The Un-p3 Project Update
It has been a good number of months since the I’ve last updated my readers on the status of this project. Firstly though I like to apologize to a few of this project’s supporters for this delay but I have not been idle and was working on it during my spare time. I really was waiting for this time to finally give you an update.
Most of you astute readers would have already noticed that The Un-p3 Project is currently being exhibited at the Dandelion Industrial Design Exhibition. Unfortunately due to the entry criteria, that exhibition is really only for “show”. Therefore I thought to continue and expand upon the “tell” part here at Design Sojourn. This will be a great opportunity for you to ask any additional questions or make comments of any kind. Also I get a chance to explain how I went from the Haptic concept, and came up with the Wave one.
The Un-p3 Haptic concept: For more information see links below
If you missed the original conceptual thinking of this project that I am self-developing in the role of a design producer do take a look at Part 1 and Part 2 first for some background information, especially on the above Haptic concept.
I have to admit that it has been difficult realizing this project and even at this stage we are not totally done. After speaking to more designers about the Haptic Concept, the deeper complexities of my objective of this product’s creation process became more evident. So I wondered, perhaps unsatisfied with the current use of wood, that perhaps I should open my thoughts to consider other forms of craft manufacturing type techniques? But there is this problem going the craft route.
You see the when we look at craft vs manufacturing scale below they are actually polar opposites of each other:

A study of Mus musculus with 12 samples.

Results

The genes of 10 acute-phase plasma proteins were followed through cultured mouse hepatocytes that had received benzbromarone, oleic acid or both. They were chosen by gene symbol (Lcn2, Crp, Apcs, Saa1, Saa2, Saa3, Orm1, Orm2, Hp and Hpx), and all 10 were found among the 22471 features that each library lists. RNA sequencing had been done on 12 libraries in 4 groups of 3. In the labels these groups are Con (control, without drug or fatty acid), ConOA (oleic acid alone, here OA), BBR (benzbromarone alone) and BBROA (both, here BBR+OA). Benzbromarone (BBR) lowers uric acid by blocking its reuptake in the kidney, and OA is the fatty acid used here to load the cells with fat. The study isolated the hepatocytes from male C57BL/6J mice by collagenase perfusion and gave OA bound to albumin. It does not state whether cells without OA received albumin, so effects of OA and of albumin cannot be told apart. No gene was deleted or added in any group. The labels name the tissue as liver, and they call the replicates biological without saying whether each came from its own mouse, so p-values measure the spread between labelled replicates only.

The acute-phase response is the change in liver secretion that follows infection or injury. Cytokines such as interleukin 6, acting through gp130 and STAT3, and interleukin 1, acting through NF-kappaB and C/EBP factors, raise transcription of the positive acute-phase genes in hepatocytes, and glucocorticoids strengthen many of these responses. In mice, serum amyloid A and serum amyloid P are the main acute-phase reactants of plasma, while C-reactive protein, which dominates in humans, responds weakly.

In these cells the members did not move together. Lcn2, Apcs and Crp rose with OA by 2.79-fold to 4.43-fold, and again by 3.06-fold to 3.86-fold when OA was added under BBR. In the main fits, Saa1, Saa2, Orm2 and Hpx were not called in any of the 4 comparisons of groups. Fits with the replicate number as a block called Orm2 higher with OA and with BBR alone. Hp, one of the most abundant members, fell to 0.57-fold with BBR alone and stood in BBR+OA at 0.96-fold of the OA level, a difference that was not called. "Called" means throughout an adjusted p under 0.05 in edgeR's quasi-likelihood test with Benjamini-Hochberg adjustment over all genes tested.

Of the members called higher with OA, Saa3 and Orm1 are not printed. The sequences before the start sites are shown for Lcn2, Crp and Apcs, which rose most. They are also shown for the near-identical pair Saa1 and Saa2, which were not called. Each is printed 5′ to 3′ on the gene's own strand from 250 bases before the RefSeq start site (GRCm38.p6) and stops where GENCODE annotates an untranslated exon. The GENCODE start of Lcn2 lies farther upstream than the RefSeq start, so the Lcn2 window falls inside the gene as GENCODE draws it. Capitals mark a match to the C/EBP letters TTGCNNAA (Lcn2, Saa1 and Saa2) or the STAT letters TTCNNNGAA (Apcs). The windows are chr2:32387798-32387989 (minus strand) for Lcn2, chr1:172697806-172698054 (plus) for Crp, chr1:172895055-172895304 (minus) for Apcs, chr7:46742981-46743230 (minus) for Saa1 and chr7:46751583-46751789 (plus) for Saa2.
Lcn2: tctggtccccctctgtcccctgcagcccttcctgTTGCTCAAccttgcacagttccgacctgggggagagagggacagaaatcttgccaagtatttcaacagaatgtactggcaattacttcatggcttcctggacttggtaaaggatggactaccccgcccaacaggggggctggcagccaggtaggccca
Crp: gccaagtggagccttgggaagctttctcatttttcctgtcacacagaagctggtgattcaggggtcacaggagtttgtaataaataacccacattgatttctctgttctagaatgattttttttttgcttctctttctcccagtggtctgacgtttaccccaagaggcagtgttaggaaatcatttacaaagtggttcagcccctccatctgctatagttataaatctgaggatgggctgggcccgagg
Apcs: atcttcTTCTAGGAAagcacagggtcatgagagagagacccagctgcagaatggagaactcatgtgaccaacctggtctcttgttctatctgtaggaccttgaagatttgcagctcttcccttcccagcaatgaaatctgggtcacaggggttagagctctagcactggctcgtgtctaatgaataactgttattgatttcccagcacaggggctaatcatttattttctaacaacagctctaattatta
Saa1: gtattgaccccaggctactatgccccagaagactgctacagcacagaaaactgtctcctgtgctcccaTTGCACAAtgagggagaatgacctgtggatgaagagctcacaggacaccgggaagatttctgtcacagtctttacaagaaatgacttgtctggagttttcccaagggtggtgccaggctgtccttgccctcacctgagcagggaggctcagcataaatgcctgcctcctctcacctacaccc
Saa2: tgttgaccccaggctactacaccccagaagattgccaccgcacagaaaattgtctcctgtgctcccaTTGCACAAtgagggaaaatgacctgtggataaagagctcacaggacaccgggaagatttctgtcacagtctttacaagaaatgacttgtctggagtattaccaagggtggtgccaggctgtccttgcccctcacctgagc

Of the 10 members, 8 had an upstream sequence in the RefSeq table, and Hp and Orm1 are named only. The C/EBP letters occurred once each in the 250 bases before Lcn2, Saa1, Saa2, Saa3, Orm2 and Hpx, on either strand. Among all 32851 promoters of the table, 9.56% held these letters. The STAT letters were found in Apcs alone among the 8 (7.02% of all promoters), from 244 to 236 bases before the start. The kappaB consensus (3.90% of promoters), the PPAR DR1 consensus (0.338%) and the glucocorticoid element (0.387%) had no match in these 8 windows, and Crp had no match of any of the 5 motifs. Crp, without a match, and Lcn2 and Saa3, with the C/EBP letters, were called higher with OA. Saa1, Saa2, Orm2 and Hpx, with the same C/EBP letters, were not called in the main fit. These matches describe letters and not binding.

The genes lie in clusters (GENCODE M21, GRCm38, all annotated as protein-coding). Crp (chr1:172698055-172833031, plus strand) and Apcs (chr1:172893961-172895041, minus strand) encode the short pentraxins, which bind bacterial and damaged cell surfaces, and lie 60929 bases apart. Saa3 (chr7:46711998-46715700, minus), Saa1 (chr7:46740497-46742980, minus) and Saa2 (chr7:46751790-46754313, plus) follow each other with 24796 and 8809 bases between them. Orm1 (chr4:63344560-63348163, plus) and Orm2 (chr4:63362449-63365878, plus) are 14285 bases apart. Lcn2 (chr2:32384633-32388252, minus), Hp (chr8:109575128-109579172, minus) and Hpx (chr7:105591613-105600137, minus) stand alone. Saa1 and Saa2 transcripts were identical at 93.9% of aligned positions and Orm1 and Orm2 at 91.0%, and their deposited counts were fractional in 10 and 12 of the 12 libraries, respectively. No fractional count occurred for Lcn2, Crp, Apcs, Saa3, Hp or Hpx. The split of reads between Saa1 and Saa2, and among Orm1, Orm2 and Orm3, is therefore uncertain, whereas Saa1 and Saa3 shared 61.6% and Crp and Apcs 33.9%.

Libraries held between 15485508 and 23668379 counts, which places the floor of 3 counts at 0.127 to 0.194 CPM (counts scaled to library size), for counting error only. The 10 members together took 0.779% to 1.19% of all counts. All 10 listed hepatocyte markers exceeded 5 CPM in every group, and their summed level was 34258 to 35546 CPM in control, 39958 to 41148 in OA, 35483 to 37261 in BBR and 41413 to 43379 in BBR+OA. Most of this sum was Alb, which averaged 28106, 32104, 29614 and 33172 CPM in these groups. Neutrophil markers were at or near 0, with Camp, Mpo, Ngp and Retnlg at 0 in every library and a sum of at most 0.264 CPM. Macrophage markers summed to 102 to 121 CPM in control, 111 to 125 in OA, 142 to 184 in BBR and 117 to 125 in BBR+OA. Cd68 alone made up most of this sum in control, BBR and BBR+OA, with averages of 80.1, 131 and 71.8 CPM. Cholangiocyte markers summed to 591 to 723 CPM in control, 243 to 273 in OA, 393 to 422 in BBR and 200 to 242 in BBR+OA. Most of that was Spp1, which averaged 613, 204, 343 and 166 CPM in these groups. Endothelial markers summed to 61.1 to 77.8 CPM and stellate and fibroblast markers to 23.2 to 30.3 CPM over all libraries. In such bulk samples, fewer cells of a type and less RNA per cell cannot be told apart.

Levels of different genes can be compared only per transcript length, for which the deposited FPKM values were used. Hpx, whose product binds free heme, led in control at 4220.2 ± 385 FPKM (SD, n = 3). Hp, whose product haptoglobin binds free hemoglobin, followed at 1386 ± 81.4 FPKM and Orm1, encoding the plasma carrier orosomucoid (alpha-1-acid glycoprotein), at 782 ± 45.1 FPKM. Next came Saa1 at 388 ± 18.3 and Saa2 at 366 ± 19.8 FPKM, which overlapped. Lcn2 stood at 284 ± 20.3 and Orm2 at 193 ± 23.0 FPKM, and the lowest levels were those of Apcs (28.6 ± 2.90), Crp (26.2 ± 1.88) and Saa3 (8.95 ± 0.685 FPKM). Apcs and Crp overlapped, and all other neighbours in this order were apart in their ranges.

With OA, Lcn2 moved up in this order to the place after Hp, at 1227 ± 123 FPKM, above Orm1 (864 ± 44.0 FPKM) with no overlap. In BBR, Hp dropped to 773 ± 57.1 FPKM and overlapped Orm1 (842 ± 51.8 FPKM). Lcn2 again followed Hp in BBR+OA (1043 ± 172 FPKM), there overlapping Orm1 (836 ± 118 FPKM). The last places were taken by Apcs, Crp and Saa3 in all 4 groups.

The Haptic concept tends to fall on the more craft end of things, and I would rate the Wave concept as in between the two.
Craft manufacturing tends to focus on one off products or small production runs often hand made, but as a result often suffers from tolerencing and perhaps reliability issues. Mass manufacturing strives on standardization and volume, thus the products will have good fit but you need to sell in the numbers. As the project’s experiment was about exploring the use of craft based manufacturing juxtaposed with an electronic product, we need both small volumes, attention to detail, but still have good part fit.
One day while speaking to some friends working on their design project, I had a “euraka” moment. Why not use a Rapid prototype machine? Not only does it allow me some freedom in design (well almost, the RP machine still has restrictions) but it also allows fairly good tolerancing and part fit that is perfect for building electronic products.
So as I got started and studied the creation process via the Rapid Prototyping Machine, I decided very quickly that I had to designed this concept so that it would be difficult to be reproduced via mass-manufacturing. Undercuts, flat edges, thin walls, narrow gaps, living hinges and surface texture were tricks that came into play below.
The Un-p3 Project: Wave Concept
So there you go, the Wave concept. I have to say though it was a very interesting experience as after more than 10 years working on Industrial Design programs, certain manufacturing “givens” like part line placement or designing for draft have been ingrained in my creative creation process. In creating this Wave concept, it required me to spend a few days re-thinking and re-framing what I know about design for manufacturing before I could even set my mind free. I hope you enjoy reading about this project as much as I did creating it.
So if you had a choice on which direction would appeal to you, if I made a limited edition run of 20 pieces which would it be? Perhaps I may do a 10-10 split? Regardless please do have your say and I look forward to all your comments.